Enhancing transparency is keyCriminal justice systems should be modified in accordance with the changes of the time. But any revision should be fully thought through as it can affect life and liberty. With independent candidate Ahn Cheol-soo announcing his 10-point platform on judiciary reform, the three leading presidential contenders all unveiled steps to overhaul the state prosecution system. Ahn suggested dismantling the powerful Central Investigation Unit of the Supreme Prosecutors’ Office that handles high-profile political corruption cases and instead creating a new independent agency with investigative authority over senior public officials. He also proposed adopting a civilian jury system on indicting public officials on charges of corruption and misconduct.
Moon Jae-in, presidential candidate of the opposition Democratic United Party, also pledged to deprive the Supreme Prosecutors’ Office’s Central Investigation Unit of direct investigative power and establish a new independent entity to take up criminal inquiries on senior public officials. Park Geun-hye of the ruling Saenuri Party offered to create a special unit for oversight of conduct inquiries involving family members or close aides of the president and senior public officials.
The three candidates all agree on the need for sweeping changes in the prosecution system. Considering the endless suspicion over politically motivated investigations and doubtful results by the prosecution, there is no question that there is a need for reform. Changes should be made to ensure fairness and political neutrality.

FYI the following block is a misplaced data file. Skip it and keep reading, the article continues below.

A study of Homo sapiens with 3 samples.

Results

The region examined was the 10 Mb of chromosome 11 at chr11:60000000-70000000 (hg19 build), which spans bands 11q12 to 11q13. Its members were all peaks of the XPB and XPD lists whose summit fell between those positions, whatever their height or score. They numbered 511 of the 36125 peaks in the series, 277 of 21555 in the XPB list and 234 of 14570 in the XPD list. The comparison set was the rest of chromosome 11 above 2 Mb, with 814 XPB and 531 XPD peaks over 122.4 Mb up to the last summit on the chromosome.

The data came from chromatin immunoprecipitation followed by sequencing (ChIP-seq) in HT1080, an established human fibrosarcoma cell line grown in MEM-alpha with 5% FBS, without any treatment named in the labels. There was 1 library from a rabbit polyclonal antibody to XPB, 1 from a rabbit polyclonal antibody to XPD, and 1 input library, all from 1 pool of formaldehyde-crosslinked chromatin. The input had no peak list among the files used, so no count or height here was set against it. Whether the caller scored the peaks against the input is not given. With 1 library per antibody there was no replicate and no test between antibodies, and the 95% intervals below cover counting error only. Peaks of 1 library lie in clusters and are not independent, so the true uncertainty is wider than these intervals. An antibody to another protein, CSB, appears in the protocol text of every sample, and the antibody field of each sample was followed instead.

We agree that the power of the Supreme Prosecutors’ Office’s Central Investigation Unit should be curbed. The Supreme Court over the last five years overruled 24.1 percent of the cases handled by the central unit, suggesting how rash and unreasonable it has been in indictments. But we advise discretion in creating new investigative offices or institutionalizing a special prosecutor system. Establishing another investigative agency could lead to bureaucratic redundancy and a conflict of interest that could invite greater political abuse.
What is imperative is enhancing transparency of investigations while reducing excess or abuse in indictments. Civilian participation could play the part. Ahn’s idea to adopt an American-style jury system, comprised of civilians to review and decide on indicting a suspect, is worth consideration. We also need caution in prosecution reshuffling to reduce political interference and influence during transitional periods. We should use the momentum to examine loopholes and problems for the restoration of confidence in the enforcement of the law.